There are five types of new blogger
- those who know what they want to write
- those that are writing to promote their business
- those that are writing to promote a cause or raise an issue.
- those that want to write a blog, but don’t know what to write
- and people like me who like to write, but are unfocused.
In political circles blogging is now very important as a few bloggers have a lot of influence leading politicians, on issues, on getting matters raised in national press and in organising large and small campaigns. Bloggers can be very active on international, national and local issues.
Blogs are also very active in that they raise issues that are not published in newspapers. Leaks, rumours, the highlighting of shady practice and, unfortunately, smears are frequently announced on Twitter and then backed up by blogging posts. The blog is a useful tool on all sides of the political debate.
As an example the political blogger and rumour mill, Guido Fawkes, it’s one of the UK’s leading sources of dubious information about politicians. Resignations, scandals, leaked documents and opinion are often reported directly to this blog rather than directly to the newspapers. A whistle blower knows that sending information to this site is a more effective, and quicker, way of getting information out on something it directly to a newspaper, where it will have to be checked before publication.
The different roles of an issue blogger
There are a number of different and sometimes conflicting roles that a blogger, concerned with issues, must take. These include:
- encouraging existing supporters
- encouraging potential supporters to join the campaign
- raising awareness in general public
- providing information for the print media
- making a political case
- possibly trying to raise funds
Writing for different audiences
From the above list it is easy to see that writing for so many different audiences is going to be difficult. For example a campaign against nuclear energy as to explain the issues for the general public in simple terms. On the other hand the active supporters will probably know the difference between the different types of nuclear reactors and will properly know a lot of technical jargon.
Information for the journalists, on the other hand, must be structured in such a way that the individual journalist can easily write an article for their readers. Some journalists will just want the framework of the story while others will want to know how they can quickly contact someone for more details.
The evidence for a politician must make a case within the framework of politician is working. A sympathetic politician may have to argue the case within his own party before trying to raise the matter before Parliament.
Bloggers solve the problem
Most bloggers solve this problem by having different sections, (categories), on their blog. This is good as some people interested in their campaign may want to read the other sections of the blog before joining.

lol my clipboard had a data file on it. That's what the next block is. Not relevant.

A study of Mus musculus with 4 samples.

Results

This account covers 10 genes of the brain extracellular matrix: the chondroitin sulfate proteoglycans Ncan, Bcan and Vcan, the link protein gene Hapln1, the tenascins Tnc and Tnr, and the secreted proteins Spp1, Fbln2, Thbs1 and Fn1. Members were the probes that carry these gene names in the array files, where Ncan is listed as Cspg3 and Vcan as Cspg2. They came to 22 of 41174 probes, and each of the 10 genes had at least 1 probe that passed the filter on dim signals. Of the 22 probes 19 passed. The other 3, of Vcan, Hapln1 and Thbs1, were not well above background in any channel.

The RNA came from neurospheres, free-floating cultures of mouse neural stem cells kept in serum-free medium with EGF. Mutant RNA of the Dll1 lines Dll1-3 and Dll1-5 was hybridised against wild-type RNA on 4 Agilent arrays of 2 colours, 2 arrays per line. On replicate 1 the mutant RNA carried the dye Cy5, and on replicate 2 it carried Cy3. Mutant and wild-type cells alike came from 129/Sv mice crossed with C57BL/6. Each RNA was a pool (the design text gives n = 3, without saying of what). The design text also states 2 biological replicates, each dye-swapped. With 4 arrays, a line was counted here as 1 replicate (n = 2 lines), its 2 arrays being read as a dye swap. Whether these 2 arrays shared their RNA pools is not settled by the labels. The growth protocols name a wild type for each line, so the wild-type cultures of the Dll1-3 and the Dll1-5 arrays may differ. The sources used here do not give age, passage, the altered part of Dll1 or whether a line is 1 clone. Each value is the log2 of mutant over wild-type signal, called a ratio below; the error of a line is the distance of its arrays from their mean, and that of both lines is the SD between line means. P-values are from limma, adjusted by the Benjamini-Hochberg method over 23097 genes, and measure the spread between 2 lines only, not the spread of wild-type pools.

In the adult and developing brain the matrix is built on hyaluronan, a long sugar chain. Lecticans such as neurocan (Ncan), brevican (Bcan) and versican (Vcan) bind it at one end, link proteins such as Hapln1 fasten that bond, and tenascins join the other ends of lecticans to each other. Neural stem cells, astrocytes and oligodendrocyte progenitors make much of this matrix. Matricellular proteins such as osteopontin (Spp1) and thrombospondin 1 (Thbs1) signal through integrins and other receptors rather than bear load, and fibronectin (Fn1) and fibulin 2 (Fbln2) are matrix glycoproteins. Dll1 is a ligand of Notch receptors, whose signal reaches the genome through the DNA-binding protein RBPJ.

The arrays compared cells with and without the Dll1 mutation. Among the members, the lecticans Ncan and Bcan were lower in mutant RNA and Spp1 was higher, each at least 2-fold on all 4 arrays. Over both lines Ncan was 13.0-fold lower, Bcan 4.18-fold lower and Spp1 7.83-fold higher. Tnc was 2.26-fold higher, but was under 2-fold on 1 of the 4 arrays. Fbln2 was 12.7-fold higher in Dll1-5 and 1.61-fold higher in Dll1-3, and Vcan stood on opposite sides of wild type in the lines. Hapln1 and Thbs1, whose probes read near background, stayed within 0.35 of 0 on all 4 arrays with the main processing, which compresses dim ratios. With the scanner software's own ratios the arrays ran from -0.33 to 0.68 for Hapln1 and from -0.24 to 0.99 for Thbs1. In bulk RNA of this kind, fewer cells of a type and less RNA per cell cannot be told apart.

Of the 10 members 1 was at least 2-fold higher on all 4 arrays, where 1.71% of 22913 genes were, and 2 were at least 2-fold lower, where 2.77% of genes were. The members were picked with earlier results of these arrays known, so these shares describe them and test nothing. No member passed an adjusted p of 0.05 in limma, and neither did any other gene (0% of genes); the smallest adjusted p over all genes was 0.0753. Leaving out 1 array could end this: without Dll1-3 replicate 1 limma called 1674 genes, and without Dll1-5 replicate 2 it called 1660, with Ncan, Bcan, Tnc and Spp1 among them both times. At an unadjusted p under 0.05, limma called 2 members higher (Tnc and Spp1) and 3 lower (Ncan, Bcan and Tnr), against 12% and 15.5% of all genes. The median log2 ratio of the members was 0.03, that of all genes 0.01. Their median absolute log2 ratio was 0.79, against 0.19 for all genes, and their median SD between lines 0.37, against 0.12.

At the very least a campaign or issue blog should have a press section with good contact details. It goes without saying that journalists expect to be able to contact someone quickly.
A word of warning
Be aware, particularly if you live in the UK, that there is always a danger that you could be sued but defamation or libel. You should therefore think carefully before making a personal attack on a person or a business.
Some ways of protecting yourself are set up a company for the campaign. If the words are then written on behalf of the company and the company is sued then it would be easy to fold the company. (I am not a lawyer therefore check this out we have an expert before acting on it).
If the issue is very sensitive then you should consider setting up abroad. (Again I do not have the legal knowledge to advise you safely). I know the American First Amendment protects freedom of speech and there are a lot of countries and services that do help protect those wanting to present information that invested interests want to keep quiet. See for example wikileaks.
As I talk today I am very aware of the situation in Morocco, Algeria and Egypt. These spontaneous demonstrations in these countries have only been possible through the use of Twitter, Facebook and of course blogs.
Blogs have been important in the build up to these demonstrations. They, with Facebook, had built up the networks among mostly young people and have helped them become aware of the bad situation in their country and in helping people develop networks. Of course today mobile phones and Twitter are the main sources of information to the people involved.
Blogs are, however, an important backup to the Twitter messages giving new sources, such as Al Jazeera, the story in far greater depth.
For most campaigns I recommend a combination of Twitter, for instant communication; Facebook, for building a community; and the blog for supplying information in depth. Another service that should be considered is Linkedin, the professional networking site, as it is possible to find people with the skills to help you, people with influence to help you and people with money to you.
Developing an issue blog
one of the most important skills that someone running an issue blog needs is the ability to promote the site. Over the next few weeks I will be writing quite a few articles on site promotion and I hope that this will be useful to you.
Over to you
Tell me about your campaign. Do you have any hints, advice or suggestions for people writing a campaigning or issue blog.